The University of Notre Dame will be leading a Midwest wireless technology consortium and partnering with a life sciences tech hub.
The university was awarded a grant to lead the Midwest Wireless Innovation Strategy Development Consortium, part of the Tech Hub programs launched by the U.S. Department of Commerce and its Economic Development Administration.
The university will also partner with Heartland BioWorks, a group of Indiana biomanufacturing stakeholders that the Economic Development Administration designated as a 2023 Regional Technology and Innovation Hub.
“These initiatives will spur local economic growth through the new innovations being developed by our faculty, staff and students in our physical and virtual laboratories, and will further accelerate the great things happening in our region,” said Jeffrey Rhoads, vice president for research and professor of aerospace and mechanical engineering at Notre Dame, in a press release.
Sen. Todd Young spearheaded the concept of regional Tech Hubs as part of the 2022 CHIPS and Science Act, which provides funding for domestic research and manufacturing of semiconductors.
“My goal was to spur more innovation in technologies of the future in places like Indiana, rather than just Silicon Valley and a few coastal cities,” Young said. “I’m pleased to see Notre Dame receive a strategy development grant to further plans for a Midwest Wireless Innovation Hub.”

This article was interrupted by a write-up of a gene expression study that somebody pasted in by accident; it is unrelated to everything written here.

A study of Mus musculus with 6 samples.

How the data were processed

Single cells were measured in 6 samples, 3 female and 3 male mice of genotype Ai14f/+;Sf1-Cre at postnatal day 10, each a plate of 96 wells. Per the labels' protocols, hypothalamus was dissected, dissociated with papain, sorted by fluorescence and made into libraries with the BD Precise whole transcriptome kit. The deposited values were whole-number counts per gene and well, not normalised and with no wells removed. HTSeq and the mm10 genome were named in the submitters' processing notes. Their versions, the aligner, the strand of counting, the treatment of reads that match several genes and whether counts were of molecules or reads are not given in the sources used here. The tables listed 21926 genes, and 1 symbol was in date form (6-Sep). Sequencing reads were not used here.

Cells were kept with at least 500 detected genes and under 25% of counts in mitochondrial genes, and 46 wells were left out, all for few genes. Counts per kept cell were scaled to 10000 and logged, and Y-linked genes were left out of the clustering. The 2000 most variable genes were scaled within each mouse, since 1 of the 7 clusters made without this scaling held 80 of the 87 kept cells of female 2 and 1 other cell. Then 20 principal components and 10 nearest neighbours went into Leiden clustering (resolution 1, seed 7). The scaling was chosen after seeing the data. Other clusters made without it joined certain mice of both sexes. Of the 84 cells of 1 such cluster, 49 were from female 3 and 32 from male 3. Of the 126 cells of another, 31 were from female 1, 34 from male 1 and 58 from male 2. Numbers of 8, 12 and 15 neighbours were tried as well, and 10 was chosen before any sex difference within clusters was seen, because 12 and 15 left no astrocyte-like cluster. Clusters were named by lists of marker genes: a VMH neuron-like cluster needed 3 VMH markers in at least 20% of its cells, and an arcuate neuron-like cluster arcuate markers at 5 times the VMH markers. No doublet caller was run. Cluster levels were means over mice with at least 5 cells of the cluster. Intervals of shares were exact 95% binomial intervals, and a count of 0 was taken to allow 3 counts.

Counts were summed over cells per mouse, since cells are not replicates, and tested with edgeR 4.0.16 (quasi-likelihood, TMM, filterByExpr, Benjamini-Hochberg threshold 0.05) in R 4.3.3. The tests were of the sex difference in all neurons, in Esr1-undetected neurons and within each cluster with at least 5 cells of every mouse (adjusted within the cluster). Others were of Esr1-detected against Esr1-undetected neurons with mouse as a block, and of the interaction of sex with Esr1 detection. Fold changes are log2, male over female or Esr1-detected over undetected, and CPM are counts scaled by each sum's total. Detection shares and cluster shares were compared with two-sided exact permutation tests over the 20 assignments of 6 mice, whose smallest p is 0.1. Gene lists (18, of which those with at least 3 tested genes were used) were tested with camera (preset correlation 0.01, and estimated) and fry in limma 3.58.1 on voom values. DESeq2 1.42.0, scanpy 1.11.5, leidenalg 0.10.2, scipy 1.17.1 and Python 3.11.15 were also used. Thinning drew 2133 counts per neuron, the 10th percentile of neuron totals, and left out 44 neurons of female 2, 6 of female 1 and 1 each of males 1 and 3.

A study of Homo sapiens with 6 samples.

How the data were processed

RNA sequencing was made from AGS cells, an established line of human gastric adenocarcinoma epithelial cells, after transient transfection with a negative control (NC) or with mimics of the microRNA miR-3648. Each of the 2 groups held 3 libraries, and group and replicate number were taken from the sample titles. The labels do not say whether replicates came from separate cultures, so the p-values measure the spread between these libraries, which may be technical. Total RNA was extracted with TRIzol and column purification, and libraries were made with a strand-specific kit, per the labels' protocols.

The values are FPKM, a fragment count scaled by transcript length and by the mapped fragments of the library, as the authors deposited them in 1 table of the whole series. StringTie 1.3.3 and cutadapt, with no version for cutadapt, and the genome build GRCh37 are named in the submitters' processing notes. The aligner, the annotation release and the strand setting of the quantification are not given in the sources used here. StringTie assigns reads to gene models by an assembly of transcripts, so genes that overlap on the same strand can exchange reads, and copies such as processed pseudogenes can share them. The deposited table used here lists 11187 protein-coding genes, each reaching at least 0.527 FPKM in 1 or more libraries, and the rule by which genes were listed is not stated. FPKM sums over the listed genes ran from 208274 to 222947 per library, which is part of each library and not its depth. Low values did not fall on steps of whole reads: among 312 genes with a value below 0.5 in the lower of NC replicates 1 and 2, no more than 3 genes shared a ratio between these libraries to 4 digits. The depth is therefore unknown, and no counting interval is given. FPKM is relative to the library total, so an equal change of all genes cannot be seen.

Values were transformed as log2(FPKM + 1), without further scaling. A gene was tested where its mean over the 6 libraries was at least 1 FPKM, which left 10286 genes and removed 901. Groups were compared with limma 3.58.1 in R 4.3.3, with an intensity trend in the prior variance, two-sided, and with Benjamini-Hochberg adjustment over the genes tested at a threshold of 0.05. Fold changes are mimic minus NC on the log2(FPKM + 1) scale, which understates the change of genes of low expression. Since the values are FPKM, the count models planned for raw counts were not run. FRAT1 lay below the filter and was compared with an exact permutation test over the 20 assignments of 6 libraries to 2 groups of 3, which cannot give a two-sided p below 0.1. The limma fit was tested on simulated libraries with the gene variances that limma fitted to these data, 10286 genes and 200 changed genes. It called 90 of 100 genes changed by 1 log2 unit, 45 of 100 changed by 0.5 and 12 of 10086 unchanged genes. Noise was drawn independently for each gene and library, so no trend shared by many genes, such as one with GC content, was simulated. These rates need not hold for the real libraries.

The consortium is working to grow a network of centers specializing in advanced technology innovation, commercialization and workforce training.
Nick Laneman, professor of electrical engineering and co-director of the Wireless Institute at Notre Dame, will lead the consortium.
“As advanced wireless technologies and applications continue to transform modern society, they have become critical to economic development, national security and global competitiveness,” said Laneman in the release. “In addition to improving people’s everyday lives, there are tremendous opportunities for career development in this high-tech area of national need.”
Notre Dame is also a partner with Heartland BioWorks, a collaboration of Indiana stakeholders ensuring that bioproducts invented in America are produced domestically. Heartland BioWorks will support entrepreneurs and small business owners developing new biotechnologies.
“Designating Heartland BioWorks as a Tech Hub is a recognition of Indiana’s leadership in biotechnology and synthetic biology research and manufacturing, and Notre Dame is a critical partner in this effort,” Young said.